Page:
One of the most difficult things associated with starting your own business is finding the funding needed to open your doors. There are many options available to you to help finance your startup business. Each of the following financing options available for your startup have pros and cons associated with them, but any of them may provide you with the funds that you need to begin your entrepreneurial dream.
1. Personal Resources
An obvious source of capital for your startup business is funds that you have available to you personally. This can include equity in your home, assets held in your qualified retirement account, such as a 401(k), an individual retirement account or money that you have in your savings and/or checking account. The benefit of using your personal funds for your business is that the money is not subject to repayment, as in the case of a loan. The downside of using your personal resources, however, can include penalties or fees associated with accessing a retirement account as well as the loss of the use of these funds for other purposes.
2. Bank Financing
Borrowing money from a bank or other lender can provide you with immediate access to the funding needed for your startup. Taking out a loan from a bank requires you to make an application with a financial institution and meet their qualifications and requirements in order to be approved for the loan. The advantage to getting financing through a bank is the ability to meet face-to-face with the lender and obtain approval almost immediately. If you have problem credit, however, qualifying for a business loan may be difficult.
3. Venture Capital
Venture capital is a form of financing provided by a consortium of investors looking to invest in a business or a business concept. Venture capitalists will review your business plan and perform other due diligence necessary to determine the viability of your business and whether you are a worthy investment risk. Although venture capital provides you with a great source of capital for your business, you may find yourself beholden to the terms of the agreement you hash out with your investors.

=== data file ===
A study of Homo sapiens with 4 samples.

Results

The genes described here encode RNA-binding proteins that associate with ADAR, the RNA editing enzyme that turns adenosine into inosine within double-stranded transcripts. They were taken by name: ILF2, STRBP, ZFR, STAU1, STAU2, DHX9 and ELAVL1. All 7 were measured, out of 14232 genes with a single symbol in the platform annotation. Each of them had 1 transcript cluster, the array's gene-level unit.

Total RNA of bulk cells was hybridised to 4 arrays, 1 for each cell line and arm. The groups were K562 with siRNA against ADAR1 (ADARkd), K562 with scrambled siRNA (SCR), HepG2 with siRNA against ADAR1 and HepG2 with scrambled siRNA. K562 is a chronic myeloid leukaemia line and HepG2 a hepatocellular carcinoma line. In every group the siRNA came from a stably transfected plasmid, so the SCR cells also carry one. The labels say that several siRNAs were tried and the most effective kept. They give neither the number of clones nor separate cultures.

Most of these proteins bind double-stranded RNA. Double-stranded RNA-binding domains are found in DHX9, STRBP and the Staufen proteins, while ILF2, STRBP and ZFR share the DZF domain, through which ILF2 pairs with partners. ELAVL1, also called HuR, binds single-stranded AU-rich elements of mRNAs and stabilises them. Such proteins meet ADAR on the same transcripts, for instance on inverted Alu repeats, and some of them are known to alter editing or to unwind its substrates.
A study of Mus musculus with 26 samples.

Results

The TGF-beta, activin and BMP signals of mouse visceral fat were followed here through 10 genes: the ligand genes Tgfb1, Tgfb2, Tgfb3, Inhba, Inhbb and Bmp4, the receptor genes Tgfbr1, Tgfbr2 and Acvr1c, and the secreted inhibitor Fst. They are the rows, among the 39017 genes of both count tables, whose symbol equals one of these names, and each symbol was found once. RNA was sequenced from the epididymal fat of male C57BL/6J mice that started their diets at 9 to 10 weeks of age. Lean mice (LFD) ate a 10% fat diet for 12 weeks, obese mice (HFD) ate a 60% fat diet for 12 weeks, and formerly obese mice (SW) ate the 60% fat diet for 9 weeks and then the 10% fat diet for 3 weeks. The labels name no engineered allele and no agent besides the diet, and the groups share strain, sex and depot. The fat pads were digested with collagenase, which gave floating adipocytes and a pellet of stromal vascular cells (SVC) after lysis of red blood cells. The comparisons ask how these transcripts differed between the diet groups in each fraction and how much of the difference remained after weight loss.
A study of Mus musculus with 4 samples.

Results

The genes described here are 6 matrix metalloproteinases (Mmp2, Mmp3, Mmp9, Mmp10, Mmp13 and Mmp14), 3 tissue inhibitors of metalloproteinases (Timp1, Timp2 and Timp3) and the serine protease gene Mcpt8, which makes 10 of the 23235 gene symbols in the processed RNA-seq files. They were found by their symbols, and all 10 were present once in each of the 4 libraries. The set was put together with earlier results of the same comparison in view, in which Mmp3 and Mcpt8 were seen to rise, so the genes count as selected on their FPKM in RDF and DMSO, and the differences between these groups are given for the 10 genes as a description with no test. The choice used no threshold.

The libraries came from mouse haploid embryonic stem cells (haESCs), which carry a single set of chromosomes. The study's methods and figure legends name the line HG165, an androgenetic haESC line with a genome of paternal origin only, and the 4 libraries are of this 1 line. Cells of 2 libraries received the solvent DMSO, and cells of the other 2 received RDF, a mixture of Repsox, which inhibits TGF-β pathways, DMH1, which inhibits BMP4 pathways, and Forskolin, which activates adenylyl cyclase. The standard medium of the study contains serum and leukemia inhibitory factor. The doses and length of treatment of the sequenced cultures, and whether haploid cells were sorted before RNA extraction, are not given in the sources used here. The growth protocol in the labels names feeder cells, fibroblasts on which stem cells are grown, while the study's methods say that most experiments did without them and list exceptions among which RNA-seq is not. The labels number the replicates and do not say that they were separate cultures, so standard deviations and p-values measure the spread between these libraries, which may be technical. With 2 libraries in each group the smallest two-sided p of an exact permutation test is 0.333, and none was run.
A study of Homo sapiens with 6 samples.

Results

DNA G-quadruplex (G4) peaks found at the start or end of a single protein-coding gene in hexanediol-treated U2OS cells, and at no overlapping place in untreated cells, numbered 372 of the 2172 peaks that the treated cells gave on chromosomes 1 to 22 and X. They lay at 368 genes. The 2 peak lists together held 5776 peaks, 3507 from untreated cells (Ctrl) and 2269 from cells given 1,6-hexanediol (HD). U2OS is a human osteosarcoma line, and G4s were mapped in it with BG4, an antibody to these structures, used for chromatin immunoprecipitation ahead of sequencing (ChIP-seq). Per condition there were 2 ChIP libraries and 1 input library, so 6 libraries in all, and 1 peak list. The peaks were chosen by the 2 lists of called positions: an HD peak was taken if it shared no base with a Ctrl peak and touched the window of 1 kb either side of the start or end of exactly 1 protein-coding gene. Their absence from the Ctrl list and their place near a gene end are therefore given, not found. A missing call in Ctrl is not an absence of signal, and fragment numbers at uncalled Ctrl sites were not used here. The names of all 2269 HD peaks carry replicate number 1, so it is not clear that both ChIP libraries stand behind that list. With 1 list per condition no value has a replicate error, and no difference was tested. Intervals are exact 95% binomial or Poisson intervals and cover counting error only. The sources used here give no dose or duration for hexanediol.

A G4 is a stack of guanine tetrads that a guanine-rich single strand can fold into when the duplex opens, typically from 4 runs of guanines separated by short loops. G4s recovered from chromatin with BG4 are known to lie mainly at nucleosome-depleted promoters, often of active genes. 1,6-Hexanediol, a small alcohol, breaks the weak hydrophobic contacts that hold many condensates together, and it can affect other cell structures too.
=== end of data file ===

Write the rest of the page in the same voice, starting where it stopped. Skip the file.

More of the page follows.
4. Angel Investors
Angel investors, like venture capitalists, provide help to small businesses looking to access capital for their startup. Angel investors are typically successful entrepreneurs looking to provide opportunities to individuals whose business may spur the next generation of economic growth. Angel investors tend to be highly selective about the types of investments that they get involved in, so if your business plan does not fit their funding profile, your chances of accessing these funds may be slim.
5. Crowd Funding
Crowd funding (not to be confused with crowd sourcing) is becoming a more popular way for small businesses looking for startup capital to find it. Crowd funding involves putting information about your startup business online and encouraging individuals within your social networks and the public generally to pledge support. If you have a large social network, crowd funding may be the perfect way to raise the initial capital you need. The amounts raised through crowd funding donation and lending based campaigns, which do better than larger equity-based campaigns, raise lower dollar amounts for your startup.
By keeping your options open, and understanding the pros and cons of each choice, you will be well equipped to make wise business decisions when it comes to the funding of your startup.